Pay No Attention to the Man behind the Curtain

I’m sorry, but this just makes me ill. In a post he actually titled “The Magic Ballot,” Arjun Appadurai writes:

The word is MAGIC. On the night of November 4, it felt as if something magical had happened, and perhaps there were others, like me, who used that word. But it is not the biggest word in current public use and I wish it were more fully available to us now.

We’ve chosen someone to work for us. We’ve hired him. For a job. We did it through the (yes, rather nifty) process of democracy. And… That. Is. All. Barack Obama is an employee. He’s not a magician. We can fire him later if we like, and he’s not going to retaliate by turning us all into toads or shooting lighting bolts out of his eyes.

I know that many believe that priests can perform miracles, at least of certain kinds, but Obama isn’t a priest. Tuesday night did not and could not make him one. It’s superstitious, impious, or both, to think that something as common as a democratic election could endow anyone with magical powers.

I regret that we are forced to catch the special aura of this election without a deep and serious space for the idea of magic, magic as it used to be. It would help us fill this rhetorical void. It would let us name the un-nameable and it would let us enjoy our means even without certainty about our ends. It would let us enjoy this week without dragging it immediately into boring predictions about what Nancy Pelosi will do, about how many huge headaches Obama will face, about how heavy the coming storm will be, and how fragile our collective sources. We have hardly crowned Obama and we have promptly begun to mourn for him, as if he is has already been vanquished by his foes.

Crowned??? Sir, this is a Lockean republic, not a New-Age theocracy.

But wait, it gets worse:

Magic, anthropologists have always known, is about what people throughout the world do when faced with uncertainty, catastrophic damage, injustice, illness, suffering or harm, while ritual (also magical in its logic) is performed to forestall or prevent these very things. Magic is not about deficient logic, childish mental mistakes, clever priestly illusions or other mistaken technologies. It is the universal feeling that what we see and feel exceeds our knowledge, our understanding and our control. Can we deny that the infusion of 700 billion dollars into our banks is a magical act designed to make our banks rain credit again? Has it worked yet? Are we discarding our belief in banks and credit as a result? Magic is a method for deploying modest technical means to address outsize ethical challenges. Human beings have always done this and always will. We might as well have a grown-up word for this set of practices.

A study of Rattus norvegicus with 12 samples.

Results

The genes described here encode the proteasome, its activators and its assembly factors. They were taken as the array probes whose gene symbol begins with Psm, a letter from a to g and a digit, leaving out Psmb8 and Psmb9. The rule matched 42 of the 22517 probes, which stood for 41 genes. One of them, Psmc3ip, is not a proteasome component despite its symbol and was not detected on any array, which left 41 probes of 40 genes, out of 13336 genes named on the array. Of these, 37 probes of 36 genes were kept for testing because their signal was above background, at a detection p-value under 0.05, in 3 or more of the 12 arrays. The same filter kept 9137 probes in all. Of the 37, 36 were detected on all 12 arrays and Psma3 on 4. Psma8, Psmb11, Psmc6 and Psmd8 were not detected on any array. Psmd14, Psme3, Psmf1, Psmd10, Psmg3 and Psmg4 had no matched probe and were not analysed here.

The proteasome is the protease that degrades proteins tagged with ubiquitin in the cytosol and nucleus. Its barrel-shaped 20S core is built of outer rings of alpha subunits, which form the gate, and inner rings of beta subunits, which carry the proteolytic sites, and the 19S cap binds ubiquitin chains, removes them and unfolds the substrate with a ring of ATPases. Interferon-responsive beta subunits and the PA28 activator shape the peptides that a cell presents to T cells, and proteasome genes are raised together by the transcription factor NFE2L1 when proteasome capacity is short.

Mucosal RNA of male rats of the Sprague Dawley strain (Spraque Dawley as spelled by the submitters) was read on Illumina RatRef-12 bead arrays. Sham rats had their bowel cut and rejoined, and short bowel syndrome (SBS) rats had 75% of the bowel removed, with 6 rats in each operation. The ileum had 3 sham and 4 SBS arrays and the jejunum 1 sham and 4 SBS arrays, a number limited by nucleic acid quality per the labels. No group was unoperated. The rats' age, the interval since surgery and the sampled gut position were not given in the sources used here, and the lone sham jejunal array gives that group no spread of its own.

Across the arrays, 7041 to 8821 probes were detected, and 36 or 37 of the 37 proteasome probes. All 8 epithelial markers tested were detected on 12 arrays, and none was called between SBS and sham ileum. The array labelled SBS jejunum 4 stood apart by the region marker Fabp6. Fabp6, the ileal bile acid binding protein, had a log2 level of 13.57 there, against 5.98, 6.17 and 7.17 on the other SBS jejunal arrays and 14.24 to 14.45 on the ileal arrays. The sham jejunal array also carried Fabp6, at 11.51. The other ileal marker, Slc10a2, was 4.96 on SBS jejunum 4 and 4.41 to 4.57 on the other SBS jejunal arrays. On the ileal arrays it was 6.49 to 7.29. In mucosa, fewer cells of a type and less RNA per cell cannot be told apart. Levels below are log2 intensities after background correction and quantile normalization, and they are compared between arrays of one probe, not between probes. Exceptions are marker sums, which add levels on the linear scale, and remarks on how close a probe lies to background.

If we really just spent $700 billion on magic, then I want my money back. There’s probably a decent First Amendment challenge in there somewhere, wouldn’t you think?

Some of us, when faced with “uncertainty, catastrophic damage, injustice, illness, suffering or harm” do not resort to magic. We turn to reason, hard work, rectitude, compassion, courage, and thrift. We also note that the government so often tends to interfere with all of these things.

But I guess we don’t have to bother with any of that anymore: The Great Barack is going to save us — magically — from all kinds of disasters!

So the election of Barack [sic]… is also magical in a much more serious way. It has been performed and produced by voting citizens at a moment when America and the world face risks of an enormous order. We have named these risks frequently in the media and the public sphere in the last few weeks: risks of total financial meltdown, of global warm-up, of war without end and terror without faces and sources. And our existing tools for risk management have failed miserably. Should we be surprised that the American electorate has rediscovered magic without knowing it?

Surprised? If you’re right, we should be very, very worried. And no, my objection is neither partisan nor personal. If McCain had won, I’d have made a post mocking the near-religious qualities his followers had invested in him, too.